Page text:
North Carolina adds 25 new CeCTOs in schools

Twenty-three school technology directors in North Carolina along with two representatives from the N.C. Department of Public Instruction (NCDPI) have successfully completed the 2012 Certified Educational Chief Technology Officer (CeCTO) program offered through a partnership between NCDPI, UNC School of Government’s Center for Public Technology, and MCNC. Now that the program has finished its third year, North Carolina currently has a total of 83 CeCTOs in action throughout the state.

CeCTO is one of the nation’s first technology-centered certification programs for educators and features two components – one for superintendents and one for technology directors.

Superintendents participate in the “Leaders for the 21st Century” program. Eighteen participants successfully completed this course in 2012, which is a 20-hour instructional track supplemented with required collaborative sessions with CeCTO candidates. CeCTO candidates participate in 240 hours of instruction spanning February to November. This 10-month track helps establish the core competencies needed for both roles in assessing and addressing some of the most critical issues facing IT leaders in school systems today.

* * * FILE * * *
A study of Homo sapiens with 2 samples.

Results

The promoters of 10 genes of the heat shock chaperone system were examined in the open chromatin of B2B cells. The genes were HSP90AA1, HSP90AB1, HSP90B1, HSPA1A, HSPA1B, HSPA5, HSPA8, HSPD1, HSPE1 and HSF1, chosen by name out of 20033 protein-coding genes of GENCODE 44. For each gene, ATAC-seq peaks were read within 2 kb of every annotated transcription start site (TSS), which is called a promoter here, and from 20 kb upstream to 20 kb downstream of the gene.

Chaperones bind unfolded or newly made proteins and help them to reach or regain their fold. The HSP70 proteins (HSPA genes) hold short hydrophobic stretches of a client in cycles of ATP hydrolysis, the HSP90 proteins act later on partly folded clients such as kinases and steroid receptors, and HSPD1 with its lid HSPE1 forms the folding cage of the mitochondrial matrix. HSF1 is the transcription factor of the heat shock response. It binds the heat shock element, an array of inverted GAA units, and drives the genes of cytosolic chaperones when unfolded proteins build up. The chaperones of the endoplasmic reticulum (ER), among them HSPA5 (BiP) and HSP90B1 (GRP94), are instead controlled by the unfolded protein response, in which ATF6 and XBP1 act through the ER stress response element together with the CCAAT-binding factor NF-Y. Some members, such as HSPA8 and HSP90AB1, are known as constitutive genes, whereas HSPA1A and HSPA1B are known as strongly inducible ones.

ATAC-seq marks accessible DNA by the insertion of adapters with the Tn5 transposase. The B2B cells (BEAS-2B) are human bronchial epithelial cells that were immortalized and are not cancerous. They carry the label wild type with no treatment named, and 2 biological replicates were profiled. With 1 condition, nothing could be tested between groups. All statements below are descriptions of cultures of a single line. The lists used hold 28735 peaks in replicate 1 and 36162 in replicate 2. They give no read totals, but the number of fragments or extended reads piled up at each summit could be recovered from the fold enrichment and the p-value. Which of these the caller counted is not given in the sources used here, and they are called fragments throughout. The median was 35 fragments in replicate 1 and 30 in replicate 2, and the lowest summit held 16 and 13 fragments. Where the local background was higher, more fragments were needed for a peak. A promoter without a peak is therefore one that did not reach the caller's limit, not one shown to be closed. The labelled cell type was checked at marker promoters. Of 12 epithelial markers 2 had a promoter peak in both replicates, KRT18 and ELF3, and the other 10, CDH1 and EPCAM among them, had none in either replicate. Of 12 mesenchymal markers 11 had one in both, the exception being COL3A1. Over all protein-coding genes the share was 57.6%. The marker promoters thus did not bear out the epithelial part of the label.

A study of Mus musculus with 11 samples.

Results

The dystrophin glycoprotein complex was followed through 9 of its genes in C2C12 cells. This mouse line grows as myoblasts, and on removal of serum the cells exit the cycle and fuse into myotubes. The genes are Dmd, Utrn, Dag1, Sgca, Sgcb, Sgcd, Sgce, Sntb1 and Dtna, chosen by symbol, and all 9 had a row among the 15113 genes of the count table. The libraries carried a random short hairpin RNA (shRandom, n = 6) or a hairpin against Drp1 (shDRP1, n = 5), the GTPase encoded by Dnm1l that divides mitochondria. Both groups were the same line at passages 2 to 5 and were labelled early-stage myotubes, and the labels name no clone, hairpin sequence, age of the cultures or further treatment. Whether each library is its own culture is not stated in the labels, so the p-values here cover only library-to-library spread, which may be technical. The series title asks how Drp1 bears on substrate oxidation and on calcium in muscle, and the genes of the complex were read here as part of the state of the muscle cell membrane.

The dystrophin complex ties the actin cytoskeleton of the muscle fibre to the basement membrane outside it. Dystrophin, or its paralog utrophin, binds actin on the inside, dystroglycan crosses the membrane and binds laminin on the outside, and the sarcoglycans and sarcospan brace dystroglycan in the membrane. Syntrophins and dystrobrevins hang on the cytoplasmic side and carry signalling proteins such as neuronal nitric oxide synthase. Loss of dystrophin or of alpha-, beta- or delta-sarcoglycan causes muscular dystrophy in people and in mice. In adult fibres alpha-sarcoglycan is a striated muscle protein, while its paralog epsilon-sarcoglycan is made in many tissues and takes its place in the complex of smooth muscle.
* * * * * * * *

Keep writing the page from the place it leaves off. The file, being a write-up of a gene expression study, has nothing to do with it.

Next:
The CeCTO program was added in 2010 as a new offering in the nationally-acclaimed Certified Government Chief Information Officers (CGCIO) series, which was pioneered by the UNC School of Government’s Center for Public Technology. The CGCIO program started in 2005 and was one of the first of its kind in the nation.

Superintendents and CeCTOs face unique challenges today. Technology is an integral component of a 21st century education, and requires school leaders to possess the knowledge and skills to ensure they are using it in the most effective and productive ways possible. Instruction for the CeCTO course covers topics such as strategic technology planning, communications, project management, emerging trends, risk assessment and management, acquisition management, change management, leadership, security, legal issues, and financial trends.

The overall reaction from participants this year and in years past remains positive, and most who complete the program hope to see a refresher course or a continuation of the program in the years to come.

Technology’s role is to support pedagogy. North Carolina is leading the nation by providing a model that amplifies the value technology directors and superintendents bring to the table in the 21st century. North Carolina is using technology as the tool to solve problems.

The CeCTO program gives school administrators the necessary knowledge, skills and confidence to effectively use and manage technology in schools and school districts.

If you’re interested in participating in a future CeCTO course, please contact Barry Pace at or Maurice Ferrell at

Click here to see the CeCTO Class of 2012 and learn more about this pioneering program for North Carolina.